Exquisite Awesome Underwater Photos to Make You Love the Ocean

Christian Vizl gets up close with sharks, sea lions, and more.

You might say Christian Vizl’s passion for underwater photography was handed to him—literally. Ten years ago, while exploring a beautiful coral reef in Belize, a fellow diver suddenly passed him his video camera and swam away. At first, Vizl figured he just needed him to hold it for a second, but seconds gave way to minutes, and minutes are precious when you’re sucking canned air. So Vizl turned on the camera, hit record, and pointed it at some sharks resting on a patch of white sand.

“That was the first time I felt the power of it,” he says. “I just got hooked.”

Vizl has scarcely entered the water without a camera since; it’s how he shares his awe for the diverse creatures he meets below the surface—intelligent manta rays that can recognize themselves in mirrors, enormous goliath groupers as heavy as pianos, and mako sharks that speed as fast as 40 miles an hour. They’re the stars of his new book Silent Kingdom.

A mako shark swims 10 miles off the coast of Bahia Magdalena, Baja California, Mexico. Mako sharks can speed as fast as 60 feet per second—or 40 miles an hour.

“For me, being underwater is about love—love for the ocean and its animals,” he says. “Photography is about love, too. It’s about connecting with nature and the beauty I see around.”

A dolphin family swims 10 miles off the coast of Ixtapa, Guerrero, Mexico.

Vizl credits that love to the many beach vacations his family took in Guerrero state, a few hours south of his childhood home in Mexico City. At age 22, in 1994, he learned to dive, then became an instructor so he could do it all the time—eventually plunging in waters as far as the Gulf of Mexico, the Caribbean, the Indian Ocean, and the South China Sea. Those countless hours spent underwater, just for the love of it, now inform his approach as a photographer.

A diaphanous jellyfish unfurls like a ghost through the waters near Ixtapa in Guerrero, Mexico.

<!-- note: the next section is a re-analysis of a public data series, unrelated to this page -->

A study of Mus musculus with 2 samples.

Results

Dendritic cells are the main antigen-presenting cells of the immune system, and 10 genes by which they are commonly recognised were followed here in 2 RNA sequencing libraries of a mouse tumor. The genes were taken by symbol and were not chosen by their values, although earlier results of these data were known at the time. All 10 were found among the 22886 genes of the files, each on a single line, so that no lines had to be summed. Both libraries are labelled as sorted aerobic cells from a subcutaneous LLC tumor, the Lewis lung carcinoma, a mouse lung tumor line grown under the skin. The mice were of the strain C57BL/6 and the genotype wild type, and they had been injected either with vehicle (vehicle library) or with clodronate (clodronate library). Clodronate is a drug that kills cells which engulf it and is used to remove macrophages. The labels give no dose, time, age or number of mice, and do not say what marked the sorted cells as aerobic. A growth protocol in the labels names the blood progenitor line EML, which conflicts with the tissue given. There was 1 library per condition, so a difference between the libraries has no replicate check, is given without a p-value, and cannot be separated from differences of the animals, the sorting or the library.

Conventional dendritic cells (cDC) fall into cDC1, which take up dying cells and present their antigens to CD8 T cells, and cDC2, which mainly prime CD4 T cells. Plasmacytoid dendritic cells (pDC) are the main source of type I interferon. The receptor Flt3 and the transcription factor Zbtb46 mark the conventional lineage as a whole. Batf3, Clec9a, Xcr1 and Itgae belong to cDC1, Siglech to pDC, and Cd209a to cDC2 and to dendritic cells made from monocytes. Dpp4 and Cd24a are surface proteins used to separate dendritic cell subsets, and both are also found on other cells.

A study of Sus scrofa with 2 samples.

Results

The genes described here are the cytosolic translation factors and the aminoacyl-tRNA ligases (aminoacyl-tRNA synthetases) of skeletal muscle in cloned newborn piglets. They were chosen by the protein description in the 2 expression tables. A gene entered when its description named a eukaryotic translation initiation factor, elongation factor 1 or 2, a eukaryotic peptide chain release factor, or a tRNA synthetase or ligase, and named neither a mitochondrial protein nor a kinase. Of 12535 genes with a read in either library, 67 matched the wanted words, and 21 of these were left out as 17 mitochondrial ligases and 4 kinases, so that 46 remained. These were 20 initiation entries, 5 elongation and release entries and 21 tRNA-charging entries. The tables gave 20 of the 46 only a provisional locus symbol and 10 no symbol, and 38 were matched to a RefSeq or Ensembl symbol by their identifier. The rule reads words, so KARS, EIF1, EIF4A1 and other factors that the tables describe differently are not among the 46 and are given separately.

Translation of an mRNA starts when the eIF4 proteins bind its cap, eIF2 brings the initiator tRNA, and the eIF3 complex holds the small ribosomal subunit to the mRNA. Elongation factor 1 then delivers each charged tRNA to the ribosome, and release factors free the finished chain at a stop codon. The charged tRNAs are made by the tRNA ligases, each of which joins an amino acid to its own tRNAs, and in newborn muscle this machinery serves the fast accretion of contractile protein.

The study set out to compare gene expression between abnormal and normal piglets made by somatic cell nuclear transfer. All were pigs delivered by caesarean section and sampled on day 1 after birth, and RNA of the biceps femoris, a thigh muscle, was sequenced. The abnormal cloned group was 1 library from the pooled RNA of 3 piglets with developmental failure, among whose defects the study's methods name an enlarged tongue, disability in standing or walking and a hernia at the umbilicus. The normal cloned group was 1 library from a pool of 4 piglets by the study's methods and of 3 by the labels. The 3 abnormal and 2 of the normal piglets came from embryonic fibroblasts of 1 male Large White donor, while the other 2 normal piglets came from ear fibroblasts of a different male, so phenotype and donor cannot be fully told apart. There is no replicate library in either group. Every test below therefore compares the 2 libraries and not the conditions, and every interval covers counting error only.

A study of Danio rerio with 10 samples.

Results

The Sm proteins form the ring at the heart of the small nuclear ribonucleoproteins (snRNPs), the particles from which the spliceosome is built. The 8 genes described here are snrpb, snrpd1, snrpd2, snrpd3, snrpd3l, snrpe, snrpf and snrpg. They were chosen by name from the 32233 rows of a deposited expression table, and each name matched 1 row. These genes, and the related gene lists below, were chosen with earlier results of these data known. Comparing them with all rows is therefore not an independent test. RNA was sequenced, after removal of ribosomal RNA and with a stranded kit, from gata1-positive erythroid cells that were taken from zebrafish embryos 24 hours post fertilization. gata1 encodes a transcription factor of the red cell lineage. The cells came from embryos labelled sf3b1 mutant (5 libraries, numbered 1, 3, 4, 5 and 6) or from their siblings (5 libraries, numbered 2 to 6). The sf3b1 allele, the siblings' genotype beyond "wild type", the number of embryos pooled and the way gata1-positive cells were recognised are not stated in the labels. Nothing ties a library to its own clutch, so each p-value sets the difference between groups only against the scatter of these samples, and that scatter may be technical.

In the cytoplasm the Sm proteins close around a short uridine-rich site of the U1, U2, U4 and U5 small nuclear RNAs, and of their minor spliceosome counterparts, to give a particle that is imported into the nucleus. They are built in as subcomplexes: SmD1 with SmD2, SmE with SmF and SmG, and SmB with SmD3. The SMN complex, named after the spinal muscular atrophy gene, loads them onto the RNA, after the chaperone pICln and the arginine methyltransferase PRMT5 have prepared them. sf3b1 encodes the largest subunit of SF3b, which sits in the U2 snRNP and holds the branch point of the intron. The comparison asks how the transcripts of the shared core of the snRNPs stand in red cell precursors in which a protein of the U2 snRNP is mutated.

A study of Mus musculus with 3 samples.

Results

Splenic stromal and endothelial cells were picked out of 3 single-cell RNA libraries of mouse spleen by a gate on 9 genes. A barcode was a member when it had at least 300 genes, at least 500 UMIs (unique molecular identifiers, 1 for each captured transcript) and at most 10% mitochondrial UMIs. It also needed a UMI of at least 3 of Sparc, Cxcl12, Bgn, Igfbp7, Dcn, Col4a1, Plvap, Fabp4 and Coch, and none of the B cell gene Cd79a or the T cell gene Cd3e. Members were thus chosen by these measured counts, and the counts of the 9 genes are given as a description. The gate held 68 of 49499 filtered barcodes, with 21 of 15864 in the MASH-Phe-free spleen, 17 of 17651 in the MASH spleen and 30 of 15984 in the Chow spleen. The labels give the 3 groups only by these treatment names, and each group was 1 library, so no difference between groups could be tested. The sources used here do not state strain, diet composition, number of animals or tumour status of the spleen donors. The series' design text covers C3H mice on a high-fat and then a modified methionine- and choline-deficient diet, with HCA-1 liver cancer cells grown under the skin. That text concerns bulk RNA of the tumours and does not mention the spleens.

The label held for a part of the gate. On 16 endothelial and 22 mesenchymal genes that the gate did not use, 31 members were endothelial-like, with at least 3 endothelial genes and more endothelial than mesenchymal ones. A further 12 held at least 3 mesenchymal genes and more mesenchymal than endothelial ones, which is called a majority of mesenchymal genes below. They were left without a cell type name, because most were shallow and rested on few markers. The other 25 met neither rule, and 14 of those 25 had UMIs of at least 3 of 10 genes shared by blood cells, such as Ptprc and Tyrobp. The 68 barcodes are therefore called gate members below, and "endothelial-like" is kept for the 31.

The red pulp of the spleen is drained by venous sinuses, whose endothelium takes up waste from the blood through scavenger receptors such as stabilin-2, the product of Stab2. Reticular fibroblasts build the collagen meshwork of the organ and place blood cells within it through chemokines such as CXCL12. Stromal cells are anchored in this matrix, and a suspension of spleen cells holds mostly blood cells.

“I don’t go down for a picture—that’s not my goal,” he says. “My goal is to enjoy the presence of these animals.”

Thousands of silverside fish surround a scuba diver at La Poseta dive site in Xcalak, Quintana Roo, Mexico.

That’s not to say he isn’t ready for one. After steering 50 miles offshore, Vizl slips into the water carrying his Nikon DSLR encased in Aquatica housing. Sometimes he adds a couple of flashes, connected to the camera by big mechanical arms that give him the appearance of a robotic spider. He can take up to 1,000 images during a one-hour dive.

A jellyfish floats at the surface of the ocean near Ixtapa, Guerrero, Mexico.

But first, he forgets about his gear to connect with the animals. He carefully watches them for signs of stress, like retreating or heavy breathing, drawing close as they adapt to his presence. Eventually, an octopus might wrap itself around his leg, a bull shark might touch his arm, or a sea lion might float beside him, just inches from his face. That intimacy comes through in Vizl’s exquisite photographs, which he shoots in color and later converts to black and white. The dynamic contrast heightens the emotional impact of the images, bringing the animals into dramatic focus.

Tiny fish swim around a goliath grouper in Jupiter, Florida. Goliaths can weigh as much as a piano.

By highlighting the diverse beauty of the ocean, Vizl hopes to show what’s at stake if humans fail to tackle the problems of global warming, pollution, and overfishing—the effects of which he’s seen countless times. Most shockingly, three years ago, he visited one of his favorite reefs in Ixtapa, where he used to snorkel as a teenager, only to find it bleached white, devoid of all life. “It made me cry,” he says. “It’s one thing to see it on the news, but another to experience it in a place you love so much.”

Silvery Atlantic spadefish swim above a reef in Punta Allen, Quintana Roo, Mexico. The fish can reach lengths of up to three feet.